The Lights Are On, Nobody's Home
What's your reaction when a new hotel provokes reactions like this on TripAdvisor?:
"The valets were terrible, but also 99% ... of the other hotel employees we spoke with reacted as though every question or request was a huge inconvenience for them." "We found trash on the closet floor, soap that appeared to have been gnawed by an animal." "Our first night, the fire alarm went off at 5 in the morning. ... By way of apology, the hotel offered us waffles the next morning. Thanks, but I would have preferred another few hours of sleep." "The bartender was awful. I sent a glass of wine back. ... He then wouldn't open a new bottle and pushed me to something else that was also terrible." "If the swimming pool is important to you, verify the times it is open. It was only open from 6 a.m. to 9 a.m. and then again for a brief period at night." "The mini-fridge smelled like there was a dead mouse in it."
I mean, what do you do with opinions like that? Speaking personally, I can only say that when my son and I come across such rants ... well, we couldn't wait to stay there.
I understand that this sort of schadenfreude tourism may be unique to us, but the resort in question, the purportedly 4-star Westin Annapolis, was so convenient we just couldn't resist. Just to fill you in, the Westin appeared to hold spectacular promise when it opened this past July, a 225-room luxury hotel that would serve "as the anchor for a stylish, mixed-use complex that includes boutiques, restaurants, offices, a spa" and more, according to a press release. But something seems to have spoiled the party in the intervening few months. Then again, maybe all those TripAdvisor people were overreacting.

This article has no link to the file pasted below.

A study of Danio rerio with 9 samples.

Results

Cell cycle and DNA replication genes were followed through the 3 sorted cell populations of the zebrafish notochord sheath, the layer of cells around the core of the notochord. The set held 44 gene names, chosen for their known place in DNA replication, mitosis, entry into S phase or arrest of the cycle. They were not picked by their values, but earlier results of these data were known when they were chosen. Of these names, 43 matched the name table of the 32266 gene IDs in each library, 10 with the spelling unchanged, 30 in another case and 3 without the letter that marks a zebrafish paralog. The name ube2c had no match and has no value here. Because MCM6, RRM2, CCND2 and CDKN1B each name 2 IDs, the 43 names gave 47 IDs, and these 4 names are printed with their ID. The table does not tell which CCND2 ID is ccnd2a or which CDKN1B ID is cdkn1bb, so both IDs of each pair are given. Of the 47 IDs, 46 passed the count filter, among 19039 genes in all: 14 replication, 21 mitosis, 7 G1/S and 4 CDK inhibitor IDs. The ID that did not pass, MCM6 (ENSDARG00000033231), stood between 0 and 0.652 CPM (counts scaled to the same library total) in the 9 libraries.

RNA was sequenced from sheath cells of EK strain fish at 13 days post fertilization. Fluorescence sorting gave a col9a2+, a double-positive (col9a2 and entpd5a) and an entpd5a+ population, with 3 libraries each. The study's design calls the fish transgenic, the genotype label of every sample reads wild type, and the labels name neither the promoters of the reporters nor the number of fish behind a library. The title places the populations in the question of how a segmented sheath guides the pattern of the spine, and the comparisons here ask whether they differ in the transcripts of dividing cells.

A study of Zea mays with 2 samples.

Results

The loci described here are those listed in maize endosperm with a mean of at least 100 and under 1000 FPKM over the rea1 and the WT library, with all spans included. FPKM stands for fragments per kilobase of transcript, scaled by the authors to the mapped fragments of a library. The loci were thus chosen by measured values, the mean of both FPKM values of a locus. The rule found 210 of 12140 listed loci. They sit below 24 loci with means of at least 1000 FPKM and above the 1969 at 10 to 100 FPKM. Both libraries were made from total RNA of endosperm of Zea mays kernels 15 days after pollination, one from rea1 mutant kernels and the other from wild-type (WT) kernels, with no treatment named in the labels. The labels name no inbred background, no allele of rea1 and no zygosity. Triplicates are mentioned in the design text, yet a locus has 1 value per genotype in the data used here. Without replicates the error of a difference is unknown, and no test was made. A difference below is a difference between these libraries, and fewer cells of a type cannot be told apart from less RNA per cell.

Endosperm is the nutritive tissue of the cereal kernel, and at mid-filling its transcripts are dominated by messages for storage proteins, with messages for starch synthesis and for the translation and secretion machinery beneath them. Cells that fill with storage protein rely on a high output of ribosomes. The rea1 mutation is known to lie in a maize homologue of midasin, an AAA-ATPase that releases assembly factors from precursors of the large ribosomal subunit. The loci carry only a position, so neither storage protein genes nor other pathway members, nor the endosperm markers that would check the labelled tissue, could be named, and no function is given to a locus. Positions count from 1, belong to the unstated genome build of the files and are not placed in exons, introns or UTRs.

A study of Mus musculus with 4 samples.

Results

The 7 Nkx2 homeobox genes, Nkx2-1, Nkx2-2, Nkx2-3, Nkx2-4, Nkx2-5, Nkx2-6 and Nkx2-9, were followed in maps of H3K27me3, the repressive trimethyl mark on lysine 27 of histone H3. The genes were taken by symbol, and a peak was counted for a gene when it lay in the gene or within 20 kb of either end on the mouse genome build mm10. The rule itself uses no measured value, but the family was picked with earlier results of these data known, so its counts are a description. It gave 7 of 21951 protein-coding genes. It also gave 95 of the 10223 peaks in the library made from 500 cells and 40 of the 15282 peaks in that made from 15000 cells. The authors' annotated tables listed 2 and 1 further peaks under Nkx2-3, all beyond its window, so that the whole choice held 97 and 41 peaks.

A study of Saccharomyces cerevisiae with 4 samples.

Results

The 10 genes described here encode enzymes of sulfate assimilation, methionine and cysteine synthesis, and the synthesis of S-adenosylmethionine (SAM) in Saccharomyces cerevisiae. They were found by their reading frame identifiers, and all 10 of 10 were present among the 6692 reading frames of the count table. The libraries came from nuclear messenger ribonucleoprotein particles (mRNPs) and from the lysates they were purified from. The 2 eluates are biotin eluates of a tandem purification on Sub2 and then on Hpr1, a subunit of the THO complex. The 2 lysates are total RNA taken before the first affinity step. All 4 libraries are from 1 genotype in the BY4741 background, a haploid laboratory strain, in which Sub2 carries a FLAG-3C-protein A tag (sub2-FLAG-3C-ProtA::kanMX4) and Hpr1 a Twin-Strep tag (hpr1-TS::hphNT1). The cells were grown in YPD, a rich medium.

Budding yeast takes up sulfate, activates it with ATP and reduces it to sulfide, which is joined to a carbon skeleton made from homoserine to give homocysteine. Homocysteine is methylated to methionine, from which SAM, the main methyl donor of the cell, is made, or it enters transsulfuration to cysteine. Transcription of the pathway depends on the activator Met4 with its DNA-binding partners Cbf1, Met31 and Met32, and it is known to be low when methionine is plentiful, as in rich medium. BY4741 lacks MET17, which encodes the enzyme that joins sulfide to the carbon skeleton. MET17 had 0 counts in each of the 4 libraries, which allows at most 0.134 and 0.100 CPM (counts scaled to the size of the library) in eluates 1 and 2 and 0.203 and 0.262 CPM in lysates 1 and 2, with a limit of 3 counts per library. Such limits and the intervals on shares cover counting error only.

"Good afternoon, sir! Welcome to the Westin," beamed the valet. My 7-year-old grabbed my arm, taking me aside. "He doesn't sound awful," he whispered. Indeed, everyone was all smiles and the car was parked without issue. The lobby was a bit chilly and attitude-y (especially for Annapolis) but the front desk clerk was friendly and fast. "She seems nice too," said my son.
Another clerk seemed nice the third time we left the lobby, having twice received keys that wouldn't open a room on the fourth floor. "Maybe it's the floor," she smiled, her hands trembling ever so slightly. "Third time's the charm!"
"She seems nice," I said to my son on the way to the elevator. He'd had enough: "Can we just get in the room? I want to go swimming."
Uh-oh, I thought.
I'm pleased to report that our fifth-floor double had not a bit of trash in it, the soap in the bathroom appeared ungnawed, the fire alarm was neither seen nor heard and the mini-fridge, to which my son immediately sprinted to check, contained not a whiff of dead animal. To my great relief, the pool was open too, although the front desk and the lifeguard appeared to disagree violently about the hours of operation.
In short, the Westin is not a disaster. It is, however, a textbook example of what happens when a major hotel chain thinks its work is done when the concrete dries. Here, as so often in the travel industry, the human element appears to have been neglected at the outset, an omission made all the more glaring by the sumptuous surroundings. Prospective hoteliers in the Internet era beware: If a property opens before its time, first impressions will be brutal and immediately shared.
Have you had experiences when inadequately trained personnel spoiled what should have been a perfect holiday? And did you take to the Web to retaliate?